A brick exterior requires less maintenance than most other forms of exterior. With a little preventative maintenance brick can be the most enduring exterior used in today’s homes.
Deterioration of the bricks outer surface is the leading cause of all the problems that affect brick. The main reason for the deterioration of a brick surface is rainwater and freezing temperatures. On older homes built with unglazed brick, the deterioration of the bricks face can cause serious problems and eventually structural failure if not treated, remedied or repaired.
Particular attention should be paid to the areas around windows and doors, as well as where the soffit or wood trim meets the brickwork. These areas need to be caulked to stop water from getting in behind the brick.
Any cracks in the pointing should be repaired. Large cracks or cracks with movement may be signs of a foundation or structural problem and should be checked out.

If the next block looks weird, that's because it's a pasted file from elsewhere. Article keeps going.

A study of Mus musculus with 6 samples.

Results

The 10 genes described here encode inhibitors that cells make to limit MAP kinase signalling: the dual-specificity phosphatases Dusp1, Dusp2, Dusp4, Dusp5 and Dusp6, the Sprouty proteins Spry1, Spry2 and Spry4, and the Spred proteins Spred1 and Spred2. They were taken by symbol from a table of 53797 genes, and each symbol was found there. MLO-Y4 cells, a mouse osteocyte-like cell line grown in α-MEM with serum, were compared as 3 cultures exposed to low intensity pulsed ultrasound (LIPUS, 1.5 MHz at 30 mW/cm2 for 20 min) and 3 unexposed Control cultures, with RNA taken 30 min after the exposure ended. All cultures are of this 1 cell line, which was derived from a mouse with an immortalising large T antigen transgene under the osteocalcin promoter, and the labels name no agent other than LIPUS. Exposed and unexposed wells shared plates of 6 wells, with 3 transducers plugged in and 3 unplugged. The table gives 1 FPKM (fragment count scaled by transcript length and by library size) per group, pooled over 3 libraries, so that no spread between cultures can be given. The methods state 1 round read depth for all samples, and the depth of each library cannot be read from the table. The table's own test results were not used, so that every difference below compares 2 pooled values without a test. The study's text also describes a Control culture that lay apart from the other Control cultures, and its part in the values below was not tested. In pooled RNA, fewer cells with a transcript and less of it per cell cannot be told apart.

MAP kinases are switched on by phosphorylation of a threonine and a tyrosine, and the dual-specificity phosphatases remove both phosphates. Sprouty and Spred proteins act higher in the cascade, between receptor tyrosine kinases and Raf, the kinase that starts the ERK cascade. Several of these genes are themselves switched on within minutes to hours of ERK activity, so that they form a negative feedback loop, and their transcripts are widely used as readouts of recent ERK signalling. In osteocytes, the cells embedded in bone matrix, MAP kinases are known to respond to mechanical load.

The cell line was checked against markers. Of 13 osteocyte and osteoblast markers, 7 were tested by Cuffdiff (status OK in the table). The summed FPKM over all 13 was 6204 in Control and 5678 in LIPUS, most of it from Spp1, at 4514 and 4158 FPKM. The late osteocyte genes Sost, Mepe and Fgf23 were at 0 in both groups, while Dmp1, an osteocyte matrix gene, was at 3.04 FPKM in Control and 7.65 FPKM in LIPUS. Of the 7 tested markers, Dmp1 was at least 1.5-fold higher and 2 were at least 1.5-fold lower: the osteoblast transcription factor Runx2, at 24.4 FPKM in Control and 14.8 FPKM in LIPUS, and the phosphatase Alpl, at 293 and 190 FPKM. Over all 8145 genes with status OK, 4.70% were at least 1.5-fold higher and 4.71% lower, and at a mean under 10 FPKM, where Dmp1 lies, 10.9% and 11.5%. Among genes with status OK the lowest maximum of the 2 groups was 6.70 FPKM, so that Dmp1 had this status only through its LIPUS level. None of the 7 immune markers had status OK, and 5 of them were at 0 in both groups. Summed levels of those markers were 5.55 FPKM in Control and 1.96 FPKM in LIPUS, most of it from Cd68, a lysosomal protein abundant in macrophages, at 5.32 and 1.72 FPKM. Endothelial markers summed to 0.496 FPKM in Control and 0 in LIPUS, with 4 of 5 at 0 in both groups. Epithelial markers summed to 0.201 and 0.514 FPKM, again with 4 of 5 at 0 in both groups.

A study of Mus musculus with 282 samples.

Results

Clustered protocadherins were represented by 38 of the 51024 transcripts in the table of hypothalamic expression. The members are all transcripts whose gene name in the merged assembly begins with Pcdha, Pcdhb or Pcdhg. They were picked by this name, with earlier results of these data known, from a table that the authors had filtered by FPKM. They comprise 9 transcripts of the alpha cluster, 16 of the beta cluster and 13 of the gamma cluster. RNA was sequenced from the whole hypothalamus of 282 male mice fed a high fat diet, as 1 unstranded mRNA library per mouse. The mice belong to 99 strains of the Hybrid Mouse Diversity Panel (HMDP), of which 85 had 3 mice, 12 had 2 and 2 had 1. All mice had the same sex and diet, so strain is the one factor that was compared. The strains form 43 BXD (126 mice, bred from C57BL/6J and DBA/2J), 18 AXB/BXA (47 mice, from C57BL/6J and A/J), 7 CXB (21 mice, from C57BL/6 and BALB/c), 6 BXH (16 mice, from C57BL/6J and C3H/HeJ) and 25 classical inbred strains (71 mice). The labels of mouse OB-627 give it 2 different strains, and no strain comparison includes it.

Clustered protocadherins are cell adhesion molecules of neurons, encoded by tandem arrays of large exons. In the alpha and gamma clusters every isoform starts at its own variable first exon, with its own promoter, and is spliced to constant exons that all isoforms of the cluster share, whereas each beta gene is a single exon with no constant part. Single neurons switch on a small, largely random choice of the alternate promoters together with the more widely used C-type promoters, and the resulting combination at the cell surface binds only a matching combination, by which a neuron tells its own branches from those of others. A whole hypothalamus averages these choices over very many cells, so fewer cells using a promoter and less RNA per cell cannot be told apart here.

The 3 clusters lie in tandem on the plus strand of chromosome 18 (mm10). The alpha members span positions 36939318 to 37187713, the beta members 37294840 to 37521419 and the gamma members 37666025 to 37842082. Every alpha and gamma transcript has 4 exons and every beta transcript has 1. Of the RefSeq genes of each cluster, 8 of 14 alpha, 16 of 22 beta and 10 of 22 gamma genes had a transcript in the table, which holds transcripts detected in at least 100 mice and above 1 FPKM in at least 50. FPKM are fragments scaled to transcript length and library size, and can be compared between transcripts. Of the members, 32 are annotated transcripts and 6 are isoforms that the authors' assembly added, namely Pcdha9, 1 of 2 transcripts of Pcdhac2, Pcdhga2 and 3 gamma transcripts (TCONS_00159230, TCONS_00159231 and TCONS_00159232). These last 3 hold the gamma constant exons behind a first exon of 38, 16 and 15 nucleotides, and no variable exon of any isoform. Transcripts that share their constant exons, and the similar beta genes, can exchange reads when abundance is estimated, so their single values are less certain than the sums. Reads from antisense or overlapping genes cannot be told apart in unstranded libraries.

Spalding bricks, where the face has fallen off or a hole is developing in the face of the brick, should be replaced or repaired using a colored mortar. To keep the brickwork from deteriorating (or to stop further deterioration) it is recommended that the brickwork is sealed with a waterproofing agent that forms a barrier, stopping water penetration while at the same time allowing the brickwork to breathe.
Any type of creeping plant (particularly ivy) should not be allowed to grow on brick. The roots from these plants will force their way into hairline cracks in the mortar between the bricks. As the roots grow larger they act as a wedge, forcing the brick work apart. Left unchecked, this damage will cause serious structural failure.
Bushes and trees should be trimmed back from brick surfaces, this will allow the brick to dry out after rain.
Along the bottom of most buildings made of brick there should be small holes visible every couple of feet along the bottom row of bricks. These holes called weep holes are intentional, they allow any condensation that may build up on the inside of the wall to drain out. Do not seal or fill in these holes.
NOTE: On some construction, weep holes may not have been incorporated into the design.